I tried to like Arequipa. Really, I did. But try as I might, I just couldn’t get past the feeling of boredom in Peru‘s second largest city, despite the fact that the historic city center, known as the “White City” due to the many buildings constructed from a white volcanic rock known as sillar, is a UNESCO World Heritage Site.
One of the few highlights was the Santa Catalina Monastery. Built in the mid-1500′s, the monastery covered nearly five acres and functioned like a city within a city. Wealthy families often sent one of their daughters to be initiates, paying large sums to support them. As a result, many nuns lived in conditions that were far better than the commoners of the day. Today the convent is still occupied by nuns wearing pale blue and green habits who go about their daily business behind the cloistered walls. Walking through the site with a guide I was amazed by its immense size, the brilliant cobalt blue and rich salmon walls, and most of all by the serenity that pervades the complex.
Aside from the convent, my visit was somewhat lackluster. Smoggy gray skies obscured views of volcanoes Misti, Pichu Pichu, and Chachani at both the Mirador de Carmen Alto and Mirador de Yanahuara. At the latter I stopped to try queso helado, cheese ice cream, named not because it is made with cheese but because the block into which it is formed resembles a giant round of cheese. To me it tasted overly sweet and terribly grainy.
I tried several different restaurants around the Plaza de Armas but never really found any that served what I would call good food, and though I made every effort to ferret out local music, every place I was directed to either had no performances or was closed. Frankly, Arequipa bored me. Had it not been the ideal jumping off place for my tour to Colca Canyon I could have easily bypassed this city.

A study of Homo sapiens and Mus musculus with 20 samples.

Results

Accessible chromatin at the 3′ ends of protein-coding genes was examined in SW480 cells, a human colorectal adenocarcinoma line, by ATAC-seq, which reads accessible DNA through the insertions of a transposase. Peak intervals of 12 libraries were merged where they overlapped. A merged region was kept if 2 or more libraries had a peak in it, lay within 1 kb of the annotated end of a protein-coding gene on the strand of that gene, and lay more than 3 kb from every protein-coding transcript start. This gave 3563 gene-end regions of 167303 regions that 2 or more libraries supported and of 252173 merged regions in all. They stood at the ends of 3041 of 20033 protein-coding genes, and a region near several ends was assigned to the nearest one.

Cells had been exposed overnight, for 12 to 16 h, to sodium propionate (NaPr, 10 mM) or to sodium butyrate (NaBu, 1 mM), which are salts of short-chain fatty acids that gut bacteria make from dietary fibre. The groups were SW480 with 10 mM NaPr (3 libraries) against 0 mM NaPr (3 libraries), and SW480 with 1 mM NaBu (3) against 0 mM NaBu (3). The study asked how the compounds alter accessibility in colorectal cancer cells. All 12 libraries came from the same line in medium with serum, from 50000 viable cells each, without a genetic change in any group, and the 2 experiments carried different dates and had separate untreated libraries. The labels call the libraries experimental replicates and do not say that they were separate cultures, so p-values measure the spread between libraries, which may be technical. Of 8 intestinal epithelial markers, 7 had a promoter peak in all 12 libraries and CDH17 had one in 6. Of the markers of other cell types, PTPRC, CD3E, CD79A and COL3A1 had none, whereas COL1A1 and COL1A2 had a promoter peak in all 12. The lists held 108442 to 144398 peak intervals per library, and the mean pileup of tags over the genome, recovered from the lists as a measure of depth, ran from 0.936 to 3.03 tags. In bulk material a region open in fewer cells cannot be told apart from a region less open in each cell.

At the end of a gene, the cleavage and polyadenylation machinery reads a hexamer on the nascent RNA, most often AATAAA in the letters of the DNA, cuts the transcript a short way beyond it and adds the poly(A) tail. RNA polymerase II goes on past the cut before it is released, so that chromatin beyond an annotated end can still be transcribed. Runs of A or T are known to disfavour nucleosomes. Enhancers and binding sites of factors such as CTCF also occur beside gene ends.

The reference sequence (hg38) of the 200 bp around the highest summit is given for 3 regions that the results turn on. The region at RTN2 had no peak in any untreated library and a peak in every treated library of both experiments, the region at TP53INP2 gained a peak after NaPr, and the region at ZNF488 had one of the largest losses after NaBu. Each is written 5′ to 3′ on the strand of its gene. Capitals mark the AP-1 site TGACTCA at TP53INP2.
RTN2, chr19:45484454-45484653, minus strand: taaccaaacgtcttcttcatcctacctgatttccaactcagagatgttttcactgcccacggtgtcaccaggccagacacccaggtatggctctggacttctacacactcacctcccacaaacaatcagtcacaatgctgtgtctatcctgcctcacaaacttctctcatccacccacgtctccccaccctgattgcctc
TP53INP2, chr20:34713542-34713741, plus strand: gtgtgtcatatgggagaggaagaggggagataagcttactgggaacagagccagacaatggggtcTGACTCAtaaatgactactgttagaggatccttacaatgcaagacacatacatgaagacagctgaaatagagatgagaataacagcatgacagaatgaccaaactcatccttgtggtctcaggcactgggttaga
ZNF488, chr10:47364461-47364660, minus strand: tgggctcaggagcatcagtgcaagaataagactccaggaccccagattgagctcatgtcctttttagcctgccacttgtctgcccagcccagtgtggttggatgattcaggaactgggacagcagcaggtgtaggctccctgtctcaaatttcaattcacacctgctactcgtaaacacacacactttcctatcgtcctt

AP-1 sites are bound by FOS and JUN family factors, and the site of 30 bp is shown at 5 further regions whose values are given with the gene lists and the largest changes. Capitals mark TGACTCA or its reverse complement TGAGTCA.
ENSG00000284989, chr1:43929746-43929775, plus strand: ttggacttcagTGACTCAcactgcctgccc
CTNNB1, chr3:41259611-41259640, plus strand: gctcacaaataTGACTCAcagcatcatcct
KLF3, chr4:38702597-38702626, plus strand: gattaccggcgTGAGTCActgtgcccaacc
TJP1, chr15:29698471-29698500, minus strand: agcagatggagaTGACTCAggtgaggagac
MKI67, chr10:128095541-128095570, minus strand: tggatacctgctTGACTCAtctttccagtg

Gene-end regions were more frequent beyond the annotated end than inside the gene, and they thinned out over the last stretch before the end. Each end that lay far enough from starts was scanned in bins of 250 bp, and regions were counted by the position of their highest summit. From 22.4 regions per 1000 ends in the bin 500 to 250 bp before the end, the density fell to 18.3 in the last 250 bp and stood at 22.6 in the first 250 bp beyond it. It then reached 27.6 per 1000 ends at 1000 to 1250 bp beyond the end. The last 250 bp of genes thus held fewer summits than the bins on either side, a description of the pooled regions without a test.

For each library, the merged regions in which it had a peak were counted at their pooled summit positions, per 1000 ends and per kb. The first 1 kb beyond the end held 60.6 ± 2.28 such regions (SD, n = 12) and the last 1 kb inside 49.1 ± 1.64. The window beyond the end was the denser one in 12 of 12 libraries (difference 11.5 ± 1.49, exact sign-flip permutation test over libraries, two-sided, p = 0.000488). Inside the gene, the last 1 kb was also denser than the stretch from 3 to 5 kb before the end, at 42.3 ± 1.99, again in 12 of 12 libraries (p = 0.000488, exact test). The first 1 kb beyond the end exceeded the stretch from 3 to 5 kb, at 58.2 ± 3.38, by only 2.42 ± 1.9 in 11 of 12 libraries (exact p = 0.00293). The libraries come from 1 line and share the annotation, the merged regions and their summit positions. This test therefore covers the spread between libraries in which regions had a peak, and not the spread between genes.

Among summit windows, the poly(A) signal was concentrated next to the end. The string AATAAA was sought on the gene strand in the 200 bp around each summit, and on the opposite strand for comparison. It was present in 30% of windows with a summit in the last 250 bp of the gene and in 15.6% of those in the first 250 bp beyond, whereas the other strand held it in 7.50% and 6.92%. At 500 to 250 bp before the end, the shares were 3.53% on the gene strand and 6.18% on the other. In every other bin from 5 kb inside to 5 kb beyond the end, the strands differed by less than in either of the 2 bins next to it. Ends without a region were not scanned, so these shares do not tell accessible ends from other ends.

On my final day in Arequipa I sat down on a bench in the Plaza de Armas, happy to bask in a sun that had finally emerged after several gray days. Thousands of pigeons bobbed and waddled around the plaza, diving for roasted corn kernels tossed out by visitors. When a mass of pigeons swarmed in front of my bench, the twenty-something man sitting next to me raised both arms straight out in front of his body. Before long, half a dozen pigeons had roosted on his long arms. Laughing delightedly, he displayed his menagerie to me to; the moment he spoke I realized he suffered from a mental disability, most likely some form of Downs syndrome. He insisted I try, so I stuck out both my arms but the pigeons had no interest in me. Instead, more of them landed on the young man’s shoulders and one even perched on top of his head.
I rushed over to a vendor, bought a bag of corn feed, and poured it into the man’s open palms. The birds flocked to his cupped hands, jostling one another as they competed for the kernels. “You too!” he insisted. I poured corn into my own hand and held it out tenuously; within moments my arms and legs were covered with the birds and we were both laughing uproariously. I doled out the corn until it was gone and my reward – surely the best part of my visit to Arequipa – was the smile on that young man’s face. But for my interaction with him, my visit to the White City would have remained unremarkable and unmemorable.